I can tell you how this was shot, assuming "no special lighting equipment" is true:
- Choose to shoot on an overcast day, or cloudy (but not dim) day.
- Shoot outdoor
- Have the model look straight or slightly up, so the top of her eye reflects the sky, giving the highlight
The lips are not that shinny unless you put some lip gloss on. So I think that is a different matter (its more about choosing the right makeup than lighting the model)
If you show us some of your attempted shots, we can observe your approach and let you know what should you change to achieve the result you want.
Edit: the attempted image you post is underexposed (arguably), and the white balance is off, giving a blueish tint. The hood also makes the light uneven, a good way to counter that would be to use a reflector. Lastly to get catch light you need a light source that is bright, small, placed high and inbetween you and your model. Sometimes you can use the sky if the angle is right, sometimes you can simply use something like a -2EV flash (on camera), or the catch-light card on dedicated external flash units like the 580EXII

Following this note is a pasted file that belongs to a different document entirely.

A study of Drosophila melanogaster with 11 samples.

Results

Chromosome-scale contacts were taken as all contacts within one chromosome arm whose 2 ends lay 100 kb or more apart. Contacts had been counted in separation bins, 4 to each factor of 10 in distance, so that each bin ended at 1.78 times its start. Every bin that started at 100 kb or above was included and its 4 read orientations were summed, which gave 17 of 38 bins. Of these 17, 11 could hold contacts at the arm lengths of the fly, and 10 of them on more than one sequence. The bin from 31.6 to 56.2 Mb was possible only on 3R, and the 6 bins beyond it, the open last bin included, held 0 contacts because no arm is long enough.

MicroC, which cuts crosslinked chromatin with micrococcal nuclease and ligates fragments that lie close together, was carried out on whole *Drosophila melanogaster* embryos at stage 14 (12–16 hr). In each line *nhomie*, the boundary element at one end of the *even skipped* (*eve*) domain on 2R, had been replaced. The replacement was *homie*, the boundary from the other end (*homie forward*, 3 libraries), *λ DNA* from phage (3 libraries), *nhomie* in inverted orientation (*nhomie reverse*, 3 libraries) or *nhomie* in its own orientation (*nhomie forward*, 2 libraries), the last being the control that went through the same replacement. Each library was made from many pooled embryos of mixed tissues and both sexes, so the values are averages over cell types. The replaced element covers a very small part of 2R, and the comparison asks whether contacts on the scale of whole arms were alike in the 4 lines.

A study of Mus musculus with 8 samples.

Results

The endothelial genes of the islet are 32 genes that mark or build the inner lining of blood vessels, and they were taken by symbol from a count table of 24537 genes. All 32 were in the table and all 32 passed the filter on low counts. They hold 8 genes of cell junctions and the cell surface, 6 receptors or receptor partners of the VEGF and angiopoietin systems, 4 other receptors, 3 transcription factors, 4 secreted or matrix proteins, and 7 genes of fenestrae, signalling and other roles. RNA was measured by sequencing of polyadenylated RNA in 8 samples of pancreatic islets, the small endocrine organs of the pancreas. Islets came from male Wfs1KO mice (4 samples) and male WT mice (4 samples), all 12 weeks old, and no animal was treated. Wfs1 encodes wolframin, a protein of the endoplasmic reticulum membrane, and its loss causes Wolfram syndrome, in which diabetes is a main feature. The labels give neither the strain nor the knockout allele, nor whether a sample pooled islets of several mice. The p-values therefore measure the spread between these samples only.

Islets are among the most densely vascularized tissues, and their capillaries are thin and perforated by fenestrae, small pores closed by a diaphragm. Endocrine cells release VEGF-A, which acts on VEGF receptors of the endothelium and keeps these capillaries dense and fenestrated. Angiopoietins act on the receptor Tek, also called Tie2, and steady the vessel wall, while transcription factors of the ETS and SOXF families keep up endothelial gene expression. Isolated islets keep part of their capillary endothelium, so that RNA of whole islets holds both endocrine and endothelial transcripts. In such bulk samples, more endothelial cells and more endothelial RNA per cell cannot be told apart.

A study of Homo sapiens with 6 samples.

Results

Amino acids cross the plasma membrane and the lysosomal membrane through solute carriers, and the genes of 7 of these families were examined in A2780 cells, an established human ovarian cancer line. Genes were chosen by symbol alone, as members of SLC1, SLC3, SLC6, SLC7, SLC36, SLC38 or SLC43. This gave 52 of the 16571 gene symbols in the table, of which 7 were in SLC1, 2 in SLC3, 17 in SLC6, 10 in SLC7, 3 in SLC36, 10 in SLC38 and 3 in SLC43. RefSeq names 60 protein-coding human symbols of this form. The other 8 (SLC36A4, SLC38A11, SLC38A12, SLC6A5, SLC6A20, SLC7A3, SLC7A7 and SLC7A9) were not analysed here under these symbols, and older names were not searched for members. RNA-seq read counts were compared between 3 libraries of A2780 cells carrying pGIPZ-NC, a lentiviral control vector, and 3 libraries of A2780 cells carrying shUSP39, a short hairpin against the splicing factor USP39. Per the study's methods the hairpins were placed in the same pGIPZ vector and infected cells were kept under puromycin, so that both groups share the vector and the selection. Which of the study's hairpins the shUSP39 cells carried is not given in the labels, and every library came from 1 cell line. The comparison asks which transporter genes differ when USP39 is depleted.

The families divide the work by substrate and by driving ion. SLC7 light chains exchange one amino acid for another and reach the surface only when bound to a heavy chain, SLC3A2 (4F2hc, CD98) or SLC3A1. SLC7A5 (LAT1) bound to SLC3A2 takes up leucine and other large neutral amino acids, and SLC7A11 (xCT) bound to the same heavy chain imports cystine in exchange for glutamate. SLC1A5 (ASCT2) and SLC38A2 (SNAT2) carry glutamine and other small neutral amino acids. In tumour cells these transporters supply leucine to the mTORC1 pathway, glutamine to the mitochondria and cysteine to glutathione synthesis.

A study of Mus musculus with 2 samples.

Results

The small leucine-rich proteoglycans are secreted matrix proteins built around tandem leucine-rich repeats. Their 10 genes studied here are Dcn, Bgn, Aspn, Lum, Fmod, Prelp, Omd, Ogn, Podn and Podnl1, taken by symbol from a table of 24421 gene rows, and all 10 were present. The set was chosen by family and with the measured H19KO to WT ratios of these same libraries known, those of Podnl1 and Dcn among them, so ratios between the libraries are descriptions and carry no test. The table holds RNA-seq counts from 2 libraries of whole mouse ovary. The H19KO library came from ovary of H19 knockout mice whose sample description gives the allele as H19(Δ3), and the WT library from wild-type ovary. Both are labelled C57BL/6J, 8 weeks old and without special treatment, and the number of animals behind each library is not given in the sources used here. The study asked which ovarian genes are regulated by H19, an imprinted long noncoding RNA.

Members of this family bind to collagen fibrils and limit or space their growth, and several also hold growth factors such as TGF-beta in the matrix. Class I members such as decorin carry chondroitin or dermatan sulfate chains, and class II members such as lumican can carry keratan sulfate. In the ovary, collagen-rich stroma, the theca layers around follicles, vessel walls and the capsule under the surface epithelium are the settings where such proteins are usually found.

I edited your photo to illustrate what you can try.
Basically, you need to light your model's face EVENLY. Illustrated here is one way of doing it, using a fill flash. You can also use a reflector.
If you don't have an external flash, you can use internal flash, but the only way to control the direction of the light is to move the camera.
Finally, for even lighting, you need a lightsource of HUGE surface, that is CLOSE to the subject. In studios people use lights (softbox) as big as a dinning table to light a model's face. Basically, unless you are doing some special effects, you want soft light falling on your model's face. Bigger the light source, closing it is to the model = softer the light.
The key is to light the model with soft light across the face, showing the face in smooth shades. Not too flat, not too harsh, but smooth. Because that way the face looks three dimensional, thus is pleasing and natural.